It is virtually inevitable that the fate of a new Ohio law on collective bargaining will be decided at the ballot box. That gives Buckeye State voters several months to learn what the statute requires - and what is does not include.
Both houses of the General Assembly approved the measure, Senate Bill 5, on Wednesday. Gov. John Kasich signed it into law Thursday.
Opponents of SB 5 have vowed to tie it up in court and force a referendum on it. That would delay implementation until after a vote this fall.
Again, it is nearly certain a referendum will be on the fall ballot. State law requires those who seek a vote to obtain 231,148 valid signatures on petitions supporting the move. There are approximately 350,000 unionized public-sector workers in Ohio, so it should be easy to meet the petition stipulation.
Critics of SB 5 insist it is an attempt to destroy public employee unions in Ohio. It is no such thing. Implementation of the law will leave unions for teachers, firefighters, law enforcement officials and other government workers alive and very well - and with substantial power. They still will be able to negotiate with local and state officials for important contract provisions including wages and some working conditions, including those related to safety.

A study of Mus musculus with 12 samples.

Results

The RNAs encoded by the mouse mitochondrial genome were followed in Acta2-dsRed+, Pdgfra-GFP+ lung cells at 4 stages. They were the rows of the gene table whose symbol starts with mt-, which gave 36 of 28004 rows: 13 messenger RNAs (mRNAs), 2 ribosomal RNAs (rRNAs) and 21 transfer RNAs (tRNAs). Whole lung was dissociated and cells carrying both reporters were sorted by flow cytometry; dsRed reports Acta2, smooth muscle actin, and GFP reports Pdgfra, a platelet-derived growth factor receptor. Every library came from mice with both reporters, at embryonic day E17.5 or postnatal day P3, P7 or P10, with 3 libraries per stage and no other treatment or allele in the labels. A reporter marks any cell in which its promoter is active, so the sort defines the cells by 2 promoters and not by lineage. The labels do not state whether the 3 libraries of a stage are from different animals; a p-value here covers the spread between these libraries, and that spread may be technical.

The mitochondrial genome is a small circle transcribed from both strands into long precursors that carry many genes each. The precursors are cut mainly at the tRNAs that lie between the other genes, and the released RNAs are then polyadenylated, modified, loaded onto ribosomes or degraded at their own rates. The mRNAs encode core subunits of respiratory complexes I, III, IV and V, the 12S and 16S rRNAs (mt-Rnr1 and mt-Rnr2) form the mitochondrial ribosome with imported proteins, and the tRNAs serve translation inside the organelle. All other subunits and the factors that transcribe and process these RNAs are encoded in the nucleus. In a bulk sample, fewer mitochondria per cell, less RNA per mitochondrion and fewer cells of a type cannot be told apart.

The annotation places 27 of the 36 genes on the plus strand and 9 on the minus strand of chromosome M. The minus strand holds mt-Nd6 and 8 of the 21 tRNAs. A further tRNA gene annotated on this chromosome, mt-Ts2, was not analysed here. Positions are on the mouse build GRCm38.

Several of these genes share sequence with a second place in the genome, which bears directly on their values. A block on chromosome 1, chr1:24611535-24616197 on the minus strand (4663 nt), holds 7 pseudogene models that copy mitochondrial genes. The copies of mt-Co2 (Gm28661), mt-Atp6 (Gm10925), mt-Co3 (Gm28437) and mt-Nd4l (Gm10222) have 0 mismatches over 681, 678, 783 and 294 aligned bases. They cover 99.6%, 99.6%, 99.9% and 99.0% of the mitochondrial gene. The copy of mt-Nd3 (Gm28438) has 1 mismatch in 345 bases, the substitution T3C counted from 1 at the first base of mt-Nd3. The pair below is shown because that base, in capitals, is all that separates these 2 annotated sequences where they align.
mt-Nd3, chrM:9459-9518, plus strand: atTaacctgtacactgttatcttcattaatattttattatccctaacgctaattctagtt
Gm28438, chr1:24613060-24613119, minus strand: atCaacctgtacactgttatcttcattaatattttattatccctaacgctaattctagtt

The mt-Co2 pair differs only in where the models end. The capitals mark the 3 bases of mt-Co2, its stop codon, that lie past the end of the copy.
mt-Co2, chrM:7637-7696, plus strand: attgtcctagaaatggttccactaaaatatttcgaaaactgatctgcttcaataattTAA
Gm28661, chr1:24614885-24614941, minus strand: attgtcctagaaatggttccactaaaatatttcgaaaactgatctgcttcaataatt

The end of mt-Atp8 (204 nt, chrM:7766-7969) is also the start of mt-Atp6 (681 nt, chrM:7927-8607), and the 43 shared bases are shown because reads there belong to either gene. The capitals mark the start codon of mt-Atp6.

What SB 5 does is to prohibit collective bargaining by public employee unions on issues such as health insurance, sick leave and pension benefits.
For decades, many local and state officials have passed the buck in union negotiations on those issues. Afraid to antagonize union leaders, they have granted health care and pension benefits that are lavish in comparison to those in the private sector.
Some local government employees in East Ohio enjoy health insurance benefits for which they have to pay as little as 10 percent of the premiums. Few private employers can afford that. Neither can Ohio taxpayers.
Pension programs for many public employees also are of the stuff private-sector dreams are made. Tens of thousands of Ohio government employees are permitted to retire, then go back to work collecting salaries while pension benefits continue to build up.
An idea of just how deeply in debt Ohioans have been buried by collective bargaining for public employees can be gained by a look at just one pension program, the one serving public school teachers. It has an unfunded liability of about $39 billion.
SB 5 has other provisions that will appeal to many voters. For example, automatic pay raises are banned in favor of performance or merit increases. Strikes by public employees are prohibited.
The unions detest such limits on their power. But we think Ohio voters will approve of them, once they learn just what SB 5 would do for the vast majority of Buckeye State residents. When voters go to the polls this fall, they will cast ballots based on facts - not the unions' propaganda.